On Tuesday the United States Senate passed by unanimous consent a $484 billion expansion of the Coronavirus Aid, Relief and Economic Security (CARES) Act, including $310 billion for the popular Paycheck Protection Program and a $75 billion infusion of funds to support health care providers.
The House of Representatives is now preparing to take to the House floor for the second time in four weeks to pass a massive economic stimulus package after intense negotiations among Congressional leaders and the Trump Administration that often played out over cable news airwaves and social media channels.
Once enacted, the bill will become the fourth COVID-19 response piece enacted since early March. While only a quarter of the size of CARES, the bill is substantial by most every other standard and exemplifies the scope of the response.
$250 billion is earmarked to replenish the Paycheck Protection Program (PPP) as passed in the CARES Act just a month ago. This new Small Business Administration (SBA) program was so popular that banks were overwhelmed with applications, and the initial $349 billion in loans was committed within two weeks of its launch. The U.S. government guarantees the loans and will forgive amounts that are used for payroll and other essential business costs like rent and utilities. It was designed to direct cash into struggling small businesses quickly in order to maintain employment and liquidity via the established network of Small Business Administration (SBA) lenders.
The new legislation creates two tiers of financial institutions that also can apply for PPP relief with $30 billion allocated to those managing less than $10 billion and $30 billion for those managing between $10 billion and $50 billion. Many smaller financial services companies have argued the PPP was benefiting larger national lenders and there needed to be broader access to liquidity. Now, insured depository institutions, credit unions and community financial institutions will qualify for loans under the program. Community financial institutions are defined as minority depository institutions, certified development companies, microloan intermediaries and State or Federal Credit Unions.
Beyond the PPP, the bill also adds to the existing SBA Economic Injury Disaster Loan program (EIDL) $30 billion for loans and $10 billion in grants to qualifying small businesses. As the farm economy continues to be under significant stress in the U.S., the bill clarifies that agriculture enterprises with fewer than 500 workers are eligible for the EIDL program. The SBA is emerging as one of the most important tools for fighting the damaging effects pandemic response is having on the U.S. economy, and the bill adds $2.1 billion to assist with the agency’s unforeseen administrative expenses.
Health Care Relief
The second major component of the bill focuses on health care and adds an additional $75 billion to the public health emergency (PHE) fund created in CARES. That money is for hospitals and other health care providers that have been hit with costs associated with preparing for and responding to the pandemic while shuttering most other operations, creating a perfect storm of increasing emergency costs with limited revenue.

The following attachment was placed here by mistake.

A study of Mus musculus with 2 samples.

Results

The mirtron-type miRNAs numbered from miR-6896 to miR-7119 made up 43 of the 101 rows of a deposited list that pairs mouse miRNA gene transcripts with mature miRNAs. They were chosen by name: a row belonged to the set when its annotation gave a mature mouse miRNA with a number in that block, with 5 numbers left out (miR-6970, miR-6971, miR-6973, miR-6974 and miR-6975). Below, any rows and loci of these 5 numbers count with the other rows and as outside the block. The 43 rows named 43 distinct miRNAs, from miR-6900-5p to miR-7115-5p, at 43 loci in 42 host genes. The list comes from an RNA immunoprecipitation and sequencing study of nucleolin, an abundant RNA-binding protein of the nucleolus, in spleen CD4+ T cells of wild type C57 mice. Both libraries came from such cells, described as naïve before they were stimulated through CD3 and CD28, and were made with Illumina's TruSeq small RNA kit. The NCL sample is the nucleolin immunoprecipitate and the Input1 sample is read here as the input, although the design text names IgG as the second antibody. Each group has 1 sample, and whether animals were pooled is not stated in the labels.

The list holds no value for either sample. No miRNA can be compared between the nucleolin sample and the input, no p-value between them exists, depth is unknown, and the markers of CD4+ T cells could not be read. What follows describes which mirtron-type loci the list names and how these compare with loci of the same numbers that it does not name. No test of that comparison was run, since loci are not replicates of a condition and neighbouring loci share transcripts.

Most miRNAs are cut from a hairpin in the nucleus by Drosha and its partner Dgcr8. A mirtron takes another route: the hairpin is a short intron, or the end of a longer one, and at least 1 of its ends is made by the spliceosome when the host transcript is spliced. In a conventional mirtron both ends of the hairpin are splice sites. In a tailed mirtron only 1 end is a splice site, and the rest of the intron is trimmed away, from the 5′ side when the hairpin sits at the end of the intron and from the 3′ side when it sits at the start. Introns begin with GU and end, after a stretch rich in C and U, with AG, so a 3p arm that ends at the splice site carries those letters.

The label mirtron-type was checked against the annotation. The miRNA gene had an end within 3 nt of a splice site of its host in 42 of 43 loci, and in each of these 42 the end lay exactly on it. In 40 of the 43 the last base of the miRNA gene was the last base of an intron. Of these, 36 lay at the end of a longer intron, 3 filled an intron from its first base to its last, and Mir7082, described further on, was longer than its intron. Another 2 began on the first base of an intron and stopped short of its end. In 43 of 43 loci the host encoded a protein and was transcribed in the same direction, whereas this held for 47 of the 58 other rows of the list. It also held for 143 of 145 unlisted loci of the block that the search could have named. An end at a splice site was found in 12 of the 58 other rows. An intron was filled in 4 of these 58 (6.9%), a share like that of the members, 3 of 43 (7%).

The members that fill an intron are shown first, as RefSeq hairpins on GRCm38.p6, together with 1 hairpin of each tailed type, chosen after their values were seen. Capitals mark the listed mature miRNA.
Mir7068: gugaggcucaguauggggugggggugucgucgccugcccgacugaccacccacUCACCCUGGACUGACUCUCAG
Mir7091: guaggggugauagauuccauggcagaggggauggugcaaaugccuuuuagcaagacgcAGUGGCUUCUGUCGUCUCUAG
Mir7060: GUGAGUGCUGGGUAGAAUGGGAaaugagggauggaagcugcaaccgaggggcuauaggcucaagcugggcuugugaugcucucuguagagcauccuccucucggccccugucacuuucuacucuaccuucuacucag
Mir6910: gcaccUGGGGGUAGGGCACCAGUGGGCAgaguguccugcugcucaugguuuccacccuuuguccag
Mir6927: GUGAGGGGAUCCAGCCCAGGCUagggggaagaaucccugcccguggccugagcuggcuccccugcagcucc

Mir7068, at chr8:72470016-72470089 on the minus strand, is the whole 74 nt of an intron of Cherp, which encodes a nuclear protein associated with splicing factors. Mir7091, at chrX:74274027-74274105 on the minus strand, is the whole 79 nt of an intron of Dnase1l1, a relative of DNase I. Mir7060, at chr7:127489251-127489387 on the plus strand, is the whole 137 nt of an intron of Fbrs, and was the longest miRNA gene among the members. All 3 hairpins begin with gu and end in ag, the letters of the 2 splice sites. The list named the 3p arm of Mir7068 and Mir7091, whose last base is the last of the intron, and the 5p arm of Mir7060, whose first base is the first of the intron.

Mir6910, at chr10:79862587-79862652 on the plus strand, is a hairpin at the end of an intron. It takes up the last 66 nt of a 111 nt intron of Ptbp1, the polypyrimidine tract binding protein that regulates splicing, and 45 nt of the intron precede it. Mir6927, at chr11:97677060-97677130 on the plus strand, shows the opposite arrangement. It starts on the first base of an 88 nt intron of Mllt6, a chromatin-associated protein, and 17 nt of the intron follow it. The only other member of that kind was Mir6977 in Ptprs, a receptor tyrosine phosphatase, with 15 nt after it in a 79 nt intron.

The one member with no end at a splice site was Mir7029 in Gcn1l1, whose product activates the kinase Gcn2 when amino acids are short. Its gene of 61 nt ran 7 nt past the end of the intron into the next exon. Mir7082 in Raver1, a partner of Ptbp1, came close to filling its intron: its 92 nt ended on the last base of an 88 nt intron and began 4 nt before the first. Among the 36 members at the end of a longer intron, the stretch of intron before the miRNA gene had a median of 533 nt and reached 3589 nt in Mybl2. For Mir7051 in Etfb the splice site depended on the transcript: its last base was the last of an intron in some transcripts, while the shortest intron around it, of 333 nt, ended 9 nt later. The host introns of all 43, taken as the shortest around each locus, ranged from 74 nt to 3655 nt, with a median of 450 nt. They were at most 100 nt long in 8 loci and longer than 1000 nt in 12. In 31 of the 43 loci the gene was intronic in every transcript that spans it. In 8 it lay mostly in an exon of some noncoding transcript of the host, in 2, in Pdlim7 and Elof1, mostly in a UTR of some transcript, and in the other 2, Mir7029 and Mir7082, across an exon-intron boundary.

The first $30 million tranche of the PHE funds was released earlier in April, but a number of institutions, including Medicaid-dependent providers like children’s hospitals and rural hospitals, were largely left out. Even while the Administration works to dish out the remaining funds from the CARES Act, health care providers pushed for more money given the pandemic’s impact on operations.
In addition to the PHE money, an additional $25 billion was included to drive development and deployment of COVID-19 tests, including to confirm active infection and prior exposure. Widespread use of such tests is increasingly being seen as a must to reopen the nation’s economy. This money includes $11 billion to states and local governments and an additional $4 billion for distribution based on level of COVID activity. Other health provisions include:
- $1 billion to support CDC surveillance, epidemiology, lab capacity, public health surveillance and other needs.
- More than $1.8 billion to the National Institutes of Health (NIH) with more than $300 million going to the National Cancer Center (NCI) and a half-billion to the National Institute of Biomedical Imaging and Bioengineering.
- $1 billion to BARDA to develop COVID-19 tests.
- More than $800 million to support community health centers and rural health centers.
In Washington, the package is being referred to as COVID Relief 3.5, and discussions about a subsequent 4.0 package are ongoing. Congress is currently not scheduled to return until May 4, but that timeline may slip further based on the persistence of state stay-at-home orders. The fourth relief package is likely to become an even more contentious and expensive undertaking for the U.S. government. We anticipate a broad range of interests that have not yet received relief to actively petition for assistance in what may be the last package before Congress returns to something resembling regular order.
Faegre Drinker continues to engage with our clients across the economy to help them navigate these unprecedented times with the assistance of our COVID-19 Task Force. Our Washington-based advocacy team continuously engages with Congress and the Administration on a wide variety of issues across the efforts to address both the health and economic crises presented by COVID-19 and the response to the pandemic.
As the number of cases around the world grows, Faegre Drinker’s Coronavirus Resource Center is available to help you understand and assess the legal, regulatory and commercial implications of COVID-19.